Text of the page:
Large Diameter PE Pipe Gets the Call in Dam Project
The Bigfork Hydroelectric project in Montana gets its water via a mile-long channel, which diverts water from the Swan River into the dam's turbines. One component of the channel was a buried 9-ft. di...
The Bigfork Hydroelectric project in Montana gets its water via a mile-long channel, which diverts water from the Swan River into the dam’s turbines. One component of the channel was a buried 9-ft. diameter woodstave pipe that helped direct the water into the turbines. In 2000, portions of the 100-year-old pipe collapsed and the owner of the hydro plant, Pacificorp, began evaluating replacement pipe systems.
Pacificorp decided to replace the woodstave pipe with 120 in. I.D. (10-ft.) HDPE pipe manufactured by KWH Pipe, headquartered in Mississauga, ON. The pipe, an advanced HDPE low pressure system called Weholite, was manufactured at KWH’s facility in Saskatoon, SK. Weholite is a lightweight, tough flexible piping system that works with a wide range of fittings. The piping can be assembled in a variety of ways including bell and spigot connections, Weho-seal couplings, PE fittings and extrusion welding, the method that would be used to join the pipe in this project.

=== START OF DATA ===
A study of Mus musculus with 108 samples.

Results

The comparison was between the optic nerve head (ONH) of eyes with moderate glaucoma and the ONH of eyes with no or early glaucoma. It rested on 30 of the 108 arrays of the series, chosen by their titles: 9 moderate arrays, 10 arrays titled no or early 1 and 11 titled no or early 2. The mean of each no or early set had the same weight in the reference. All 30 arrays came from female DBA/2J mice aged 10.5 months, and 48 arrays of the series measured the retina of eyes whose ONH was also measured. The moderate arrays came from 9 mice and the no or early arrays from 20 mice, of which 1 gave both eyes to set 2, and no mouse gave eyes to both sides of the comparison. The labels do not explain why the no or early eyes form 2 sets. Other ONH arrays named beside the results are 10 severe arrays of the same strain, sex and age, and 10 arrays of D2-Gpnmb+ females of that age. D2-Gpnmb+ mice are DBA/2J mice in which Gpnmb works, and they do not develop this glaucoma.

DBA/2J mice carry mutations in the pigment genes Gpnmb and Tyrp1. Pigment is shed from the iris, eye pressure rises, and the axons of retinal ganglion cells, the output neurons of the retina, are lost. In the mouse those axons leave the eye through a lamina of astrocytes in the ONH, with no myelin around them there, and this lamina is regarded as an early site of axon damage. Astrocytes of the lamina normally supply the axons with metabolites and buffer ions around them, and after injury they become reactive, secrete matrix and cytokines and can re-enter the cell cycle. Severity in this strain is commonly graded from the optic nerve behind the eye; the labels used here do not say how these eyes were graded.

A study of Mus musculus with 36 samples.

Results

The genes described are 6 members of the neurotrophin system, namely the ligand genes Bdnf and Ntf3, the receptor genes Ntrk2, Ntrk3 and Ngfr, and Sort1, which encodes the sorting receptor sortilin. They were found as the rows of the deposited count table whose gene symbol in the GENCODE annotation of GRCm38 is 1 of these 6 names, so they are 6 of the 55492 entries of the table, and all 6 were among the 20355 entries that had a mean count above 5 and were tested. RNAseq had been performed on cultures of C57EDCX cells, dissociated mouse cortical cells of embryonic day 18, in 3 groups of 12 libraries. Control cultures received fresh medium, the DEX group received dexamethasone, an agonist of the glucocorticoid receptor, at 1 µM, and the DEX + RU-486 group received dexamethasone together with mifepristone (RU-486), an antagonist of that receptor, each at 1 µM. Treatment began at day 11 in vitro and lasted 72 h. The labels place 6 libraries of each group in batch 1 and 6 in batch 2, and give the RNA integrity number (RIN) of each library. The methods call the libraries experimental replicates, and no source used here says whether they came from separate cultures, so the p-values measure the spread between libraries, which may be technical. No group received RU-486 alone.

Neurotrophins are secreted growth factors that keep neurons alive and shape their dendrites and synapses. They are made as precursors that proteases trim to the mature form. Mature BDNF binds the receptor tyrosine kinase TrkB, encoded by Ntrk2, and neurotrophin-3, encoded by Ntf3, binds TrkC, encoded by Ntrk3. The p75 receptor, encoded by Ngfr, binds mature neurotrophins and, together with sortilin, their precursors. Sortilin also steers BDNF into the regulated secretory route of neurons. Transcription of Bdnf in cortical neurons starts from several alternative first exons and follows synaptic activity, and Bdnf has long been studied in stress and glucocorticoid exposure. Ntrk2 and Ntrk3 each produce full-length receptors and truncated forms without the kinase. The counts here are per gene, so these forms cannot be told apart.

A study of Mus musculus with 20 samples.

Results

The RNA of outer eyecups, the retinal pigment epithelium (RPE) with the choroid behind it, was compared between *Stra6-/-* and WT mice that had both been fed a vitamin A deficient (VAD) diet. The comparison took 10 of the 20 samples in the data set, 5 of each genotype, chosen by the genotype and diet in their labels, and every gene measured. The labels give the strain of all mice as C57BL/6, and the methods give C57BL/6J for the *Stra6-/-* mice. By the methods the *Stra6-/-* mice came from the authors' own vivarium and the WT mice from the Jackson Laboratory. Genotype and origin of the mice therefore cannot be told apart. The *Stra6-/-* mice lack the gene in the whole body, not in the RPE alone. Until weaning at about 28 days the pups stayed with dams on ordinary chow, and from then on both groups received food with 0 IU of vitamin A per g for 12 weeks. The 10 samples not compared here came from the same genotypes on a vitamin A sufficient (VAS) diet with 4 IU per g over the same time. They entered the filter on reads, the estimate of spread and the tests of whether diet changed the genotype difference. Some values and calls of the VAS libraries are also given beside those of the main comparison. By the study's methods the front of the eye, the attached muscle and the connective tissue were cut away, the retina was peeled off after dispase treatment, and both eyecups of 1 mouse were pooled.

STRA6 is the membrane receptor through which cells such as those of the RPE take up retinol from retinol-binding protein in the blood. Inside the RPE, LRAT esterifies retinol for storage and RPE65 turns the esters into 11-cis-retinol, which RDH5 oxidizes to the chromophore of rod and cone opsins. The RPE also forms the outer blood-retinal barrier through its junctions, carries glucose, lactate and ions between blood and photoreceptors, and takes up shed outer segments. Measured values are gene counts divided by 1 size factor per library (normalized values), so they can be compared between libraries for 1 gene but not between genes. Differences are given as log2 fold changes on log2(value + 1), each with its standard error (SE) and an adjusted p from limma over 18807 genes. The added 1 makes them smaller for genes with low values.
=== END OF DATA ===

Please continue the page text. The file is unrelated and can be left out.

Nearly 1,700 linear ft. of PE pipe was required. KWH fabricated the pipe in 42-ft. sections.
The double-walled pipe is made by extruding a rectangular section and winding it on a drum while the plastic is still hot. The sections are fused together by an extrusion welding process. Ribs approximately six inches in length separate the inner and outer walls; each wall is about 3/4 in. thick.
Each section of pipe weighed approximately six tonnes, which was relatively easy to move using standard hydraulic equipment.
The Weholite pipe will operate under internal pressure of 6.5 psi and will handle more than 350 cu. ft. of water per second. Pacificorp expects that the new HDPE pipeline’s service life will meet or exceed the woodstave line it replaced.